Summer 2010

Conversation with Susan Stevens Crummel

Summer 2010 | 0 comments

by Robyn Ross
Updated: Monday, June 28, 2010

The results of the 2010 Texas Bluebonnet Award competition were clear: Help Me, Mr. Mutt! by Susan Stevens Crummel ’71 and her sister Janet Stevens won by more than a nose. Of the more than 191,000 votes cast by Texas schoolchildren, Help Me, Mr. Mutt! secured almost 32,000—a 12,000-vote lead over the second-place winner. The sisters accepted their award at the Texas Library Association conference in mid-April.

It was the second Bluebonnet Award for Crummel and illustrator Stevens, who won in 2001 with Cook-a-Doodle-Doo!, the story of a culinary-minded rooster. Crummel has written 14 children’s picture books, often collaborating with her sister, and she now speaks to almost 100,000 children each year as a visiting author.

Crummel lives in Fort Worth and her sister lives in Boulder, so they typically develop story ideas via phone, fax and email. Often the subjects for their books are determined by what Stevens wants to draw. This is true in their new book, The Little Red Pen, due out in spring 2011.

“It’s about the little red pen who has to grade all the papers, but no one will help,” Crummel explains. “We have staplers, highlighters and erasers that are all characters. But Janet wants to draw animals, so we have a hamster who becomes a key part of it.”

Before she started writing, Crummel taught math in public and private schools for 31 years—an experience that prepared her for the unpredictability of reading to elementary students. Fire drills, fights, a child getting sick in the classroom: “None of that makes me nervous,” she says.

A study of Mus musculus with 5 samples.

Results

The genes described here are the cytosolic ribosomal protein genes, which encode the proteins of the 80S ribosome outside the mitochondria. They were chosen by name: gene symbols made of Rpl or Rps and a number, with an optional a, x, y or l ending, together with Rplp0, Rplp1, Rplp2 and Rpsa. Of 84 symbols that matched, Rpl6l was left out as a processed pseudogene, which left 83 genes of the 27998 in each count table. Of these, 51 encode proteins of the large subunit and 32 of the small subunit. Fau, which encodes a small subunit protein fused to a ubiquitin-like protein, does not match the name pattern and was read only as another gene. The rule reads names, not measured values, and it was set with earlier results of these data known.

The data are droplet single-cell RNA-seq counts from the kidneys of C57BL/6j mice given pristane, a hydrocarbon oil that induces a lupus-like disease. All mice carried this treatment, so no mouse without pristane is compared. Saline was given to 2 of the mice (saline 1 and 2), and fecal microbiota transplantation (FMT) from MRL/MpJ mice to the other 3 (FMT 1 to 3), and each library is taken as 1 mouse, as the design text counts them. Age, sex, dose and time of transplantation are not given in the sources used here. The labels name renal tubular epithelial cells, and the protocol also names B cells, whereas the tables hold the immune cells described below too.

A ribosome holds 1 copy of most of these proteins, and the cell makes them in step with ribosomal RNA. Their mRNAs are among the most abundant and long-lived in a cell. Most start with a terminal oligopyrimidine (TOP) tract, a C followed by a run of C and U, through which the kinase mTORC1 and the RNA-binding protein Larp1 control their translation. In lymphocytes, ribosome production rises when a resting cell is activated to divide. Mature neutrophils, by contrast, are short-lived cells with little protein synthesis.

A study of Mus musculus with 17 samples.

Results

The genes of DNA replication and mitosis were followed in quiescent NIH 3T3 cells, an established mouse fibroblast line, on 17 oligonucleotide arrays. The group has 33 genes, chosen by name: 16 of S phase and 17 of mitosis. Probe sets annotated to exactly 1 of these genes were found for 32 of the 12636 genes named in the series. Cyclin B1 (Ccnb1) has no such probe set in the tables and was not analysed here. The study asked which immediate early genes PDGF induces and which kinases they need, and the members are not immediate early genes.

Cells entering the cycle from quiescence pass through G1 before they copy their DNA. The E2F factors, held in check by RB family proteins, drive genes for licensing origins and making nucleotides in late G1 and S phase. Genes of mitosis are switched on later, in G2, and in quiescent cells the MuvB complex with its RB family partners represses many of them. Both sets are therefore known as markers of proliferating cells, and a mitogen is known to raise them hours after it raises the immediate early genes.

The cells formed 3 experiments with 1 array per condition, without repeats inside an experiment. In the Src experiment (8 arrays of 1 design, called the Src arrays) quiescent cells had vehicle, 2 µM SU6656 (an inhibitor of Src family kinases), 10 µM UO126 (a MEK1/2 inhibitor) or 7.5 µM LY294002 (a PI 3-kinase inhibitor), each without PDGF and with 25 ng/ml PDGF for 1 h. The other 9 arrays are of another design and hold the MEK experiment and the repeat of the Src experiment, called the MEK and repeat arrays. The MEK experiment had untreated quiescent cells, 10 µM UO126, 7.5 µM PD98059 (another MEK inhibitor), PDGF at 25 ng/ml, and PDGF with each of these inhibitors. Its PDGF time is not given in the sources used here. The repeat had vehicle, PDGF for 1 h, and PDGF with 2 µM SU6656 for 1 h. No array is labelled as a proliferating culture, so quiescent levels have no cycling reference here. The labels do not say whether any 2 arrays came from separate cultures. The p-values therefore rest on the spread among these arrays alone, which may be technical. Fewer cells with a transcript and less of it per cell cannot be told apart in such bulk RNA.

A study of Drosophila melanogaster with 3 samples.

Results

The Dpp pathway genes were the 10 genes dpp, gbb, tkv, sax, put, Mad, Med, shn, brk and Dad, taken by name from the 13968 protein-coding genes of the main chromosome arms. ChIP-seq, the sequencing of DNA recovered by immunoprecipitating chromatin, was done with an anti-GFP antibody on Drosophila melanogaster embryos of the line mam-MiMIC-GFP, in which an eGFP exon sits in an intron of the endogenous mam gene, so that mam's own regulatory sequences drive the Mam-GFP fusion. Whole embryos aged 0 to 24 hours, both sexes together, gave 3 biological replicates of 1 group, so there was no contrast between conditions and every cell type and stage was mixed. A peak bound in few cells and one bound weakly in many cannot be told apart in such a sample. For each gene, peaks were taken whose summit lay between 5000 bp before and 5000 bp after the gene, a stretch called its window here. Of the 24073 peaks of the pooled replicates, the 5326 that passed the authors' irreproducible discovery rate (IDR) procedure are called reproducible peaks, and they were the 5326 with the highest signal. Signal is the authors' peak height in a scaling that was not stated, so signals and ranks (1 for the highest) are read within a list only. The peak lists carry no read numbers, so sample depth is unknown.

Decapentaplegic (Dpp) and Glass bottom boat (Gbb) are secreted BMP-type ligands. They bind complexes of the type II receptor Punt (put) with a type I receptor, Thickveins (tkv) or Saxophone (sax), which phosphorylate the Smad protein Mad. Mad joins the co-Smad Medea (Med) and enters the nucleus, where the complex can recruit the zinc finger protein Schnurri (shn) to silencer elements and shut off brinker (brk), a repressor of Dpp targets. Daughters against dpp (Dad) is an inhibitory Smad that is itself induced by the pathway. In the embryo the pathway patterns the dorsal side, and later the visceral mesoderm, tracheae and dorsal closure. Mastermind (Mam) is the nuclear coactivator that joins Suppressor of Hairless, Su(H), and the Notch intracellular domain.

She uses humor — and puppets — to engage the younger children. With the older ones she talks a bit more about how she and her sister get their ideas and how they collaborate. Crummel addresses children's literature classes at TCU and other universities about how to incorporate reading into the curriculum, and she speaks to parents about reading with their own children.

“At every stage, from babies to toddlers to preschoolers to school age, there’s a technique parents can use to instill the love of reading,” she says. “And if teachers could put away the TAKS test and read for a bit — kids will listen to you more if you read them a book, and then do the testing.”

What inspired Help Me, Mr. Mutt!?

My sister volunteers at the Humane Society and deals a lot with dogs and people. We thought we needed to do a guidebook for dogs about how to handle their people. Then I said, “How about an advice book, like a ‘Dear Abby’ for dogs?”

How do you and your sister collaborate?
She lives in Boulder and I live in Fort Worth, but we work together every step of the way. She’ll say, “I have this idea,” and I put it down on paper and send it to her. She prints it out and writes all over it and faxes it back. I incorporate her ideas, and then at some point she starts drawing. We have different kinds of brains but the same sense of humor.

Why are animals the protagonists in your books and in so many children’s books?
Janet loves to draw animals, so that’s the driving force behind it for us. And animals are universal — they don’t have a race, color or creed.

It seems like most children’s books impart some sort of lesson.
I think many good authors want to produce a book that can be fun and entertaining but also teach something. My sister and I try to teach kids lessons they can relate to, about sharing, teamwork, friendship, honesty and trust. In our book The Great Fuzz Frenzy, a dog drops a tennis ball down a prairie dog hole, and the prairie dogs have the idea to pull off the green fuzz and make outfits.

There’s a bully who’s jealous and steals all the fuzz, and he gets picked up by an eagle but they all save him. There are lots of lessons there — one of them that if you want to be camouflaged, don’t wear neon on the prairie. But everyone rescues him, so the kids learn it’s important to have good friends who will catch you when you fall.